Sue Monk Kidd writes “quick and easy are magical words with enormous seductive powers. Advertisers know that if they put them on a product it sells better.” New Year’s resolutions abound with quick and easy approaches. How many times have you seen articles on “quick ways to lose weight”. And for those of you stuck in traffic jams, it’s time you learn about the zipper merge, the key to quick merging.
We are all about efficiency and speed. Kidd illustrates this with her quote “pole vaulting is so much more alluring than crawling.” Yet, are there times when we need to build our skills in the art of waiting?
There are clearly times when choosing the easier, less time consuming approach is best. For example, zipper merges are now being recommended in many congested traffic areas.Yet, they are complicated because of our feelings about the polite vs rude driver label. Does this sound familiar? You are driving along in the center lane on a traffic-filled highway, and the left lane is ending in a few hundred yards, due to construction. Some “polite” drivers in that left lane put their blinkers on right away, and move over as soon as someone lets them in. The “rude” drivers zip to the end of their lane–passing you and many other drivers in the center lane. Then they merge in as soon as they can, effectively cutting in front of you and other center-lane drivers in the process. Growls, fists, and fingers emerge as the “polite” drivers curse the rude drivers. However, in a recent study, the majority of drivers won’t use the zipper approach because they don’t want to be labeled the rude driver.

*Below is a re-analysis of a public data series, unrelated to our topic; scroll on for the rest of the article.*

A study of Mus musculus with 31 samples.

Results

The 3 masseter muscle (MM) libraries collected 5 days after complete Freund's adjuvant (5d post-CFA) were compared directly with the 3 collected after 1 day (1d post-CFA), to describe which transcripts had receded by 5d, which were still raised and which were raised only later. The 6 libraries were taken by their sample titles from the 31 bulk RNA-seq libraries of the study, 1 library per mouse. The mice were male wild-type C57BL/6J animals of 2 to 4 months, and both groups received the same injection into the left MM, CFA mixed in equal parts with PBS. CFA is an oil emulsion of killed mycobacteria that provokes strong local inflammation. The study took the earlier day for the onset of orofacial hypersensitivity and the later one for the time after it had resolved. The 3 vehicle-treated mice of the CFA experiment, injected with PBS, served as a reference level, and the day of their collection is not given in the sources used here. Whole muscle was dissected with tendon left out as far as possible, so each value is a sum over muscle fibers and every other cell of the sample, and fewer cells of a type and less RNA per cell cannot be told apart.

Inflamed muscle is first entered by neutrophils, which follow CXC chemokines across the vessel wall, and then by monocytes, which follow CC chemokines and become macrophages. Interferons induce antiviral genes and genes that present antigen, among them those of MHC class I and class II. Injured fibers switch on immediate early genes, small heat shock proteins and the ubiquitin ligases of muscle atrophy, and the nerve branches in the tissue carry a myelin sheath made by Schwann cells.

Efficiency is part of our work and home lives. And, as the zipper lane demonstrates, there are times where perhaps self reflection uncovers something critical about the art of waiting.
Gandhi wrote that “there is more to life than increasing its speed”. Kidd writes in her book When the Heart Waits, “waiting is the in between time. It calls us to be in the moment, this season, without leaning so far into the future that we tear our roots from the present.”
What role does waiting play in your life? What are some things you are waiting for? What is hard to wait for?
As I reflect, my first lesson in waiting was in fishing. Fishing is often about waiting. I remember as a child standing with my father with our fishing poles in hand. We waited for the fish to bite on our hooks. We waited and waited sometimes without one single bite. In those waiting moments we talked about all kinds of things…school, family and friends. In our waiting, we discovered more about each other than we did about fishing. We were in that “in between” space. We’d return home and share that we did not catch one fish. Yet, in the waiting we caught something so much more important.
Where did you learn to wait? How are you developing the art of waiting at home, work and in your community?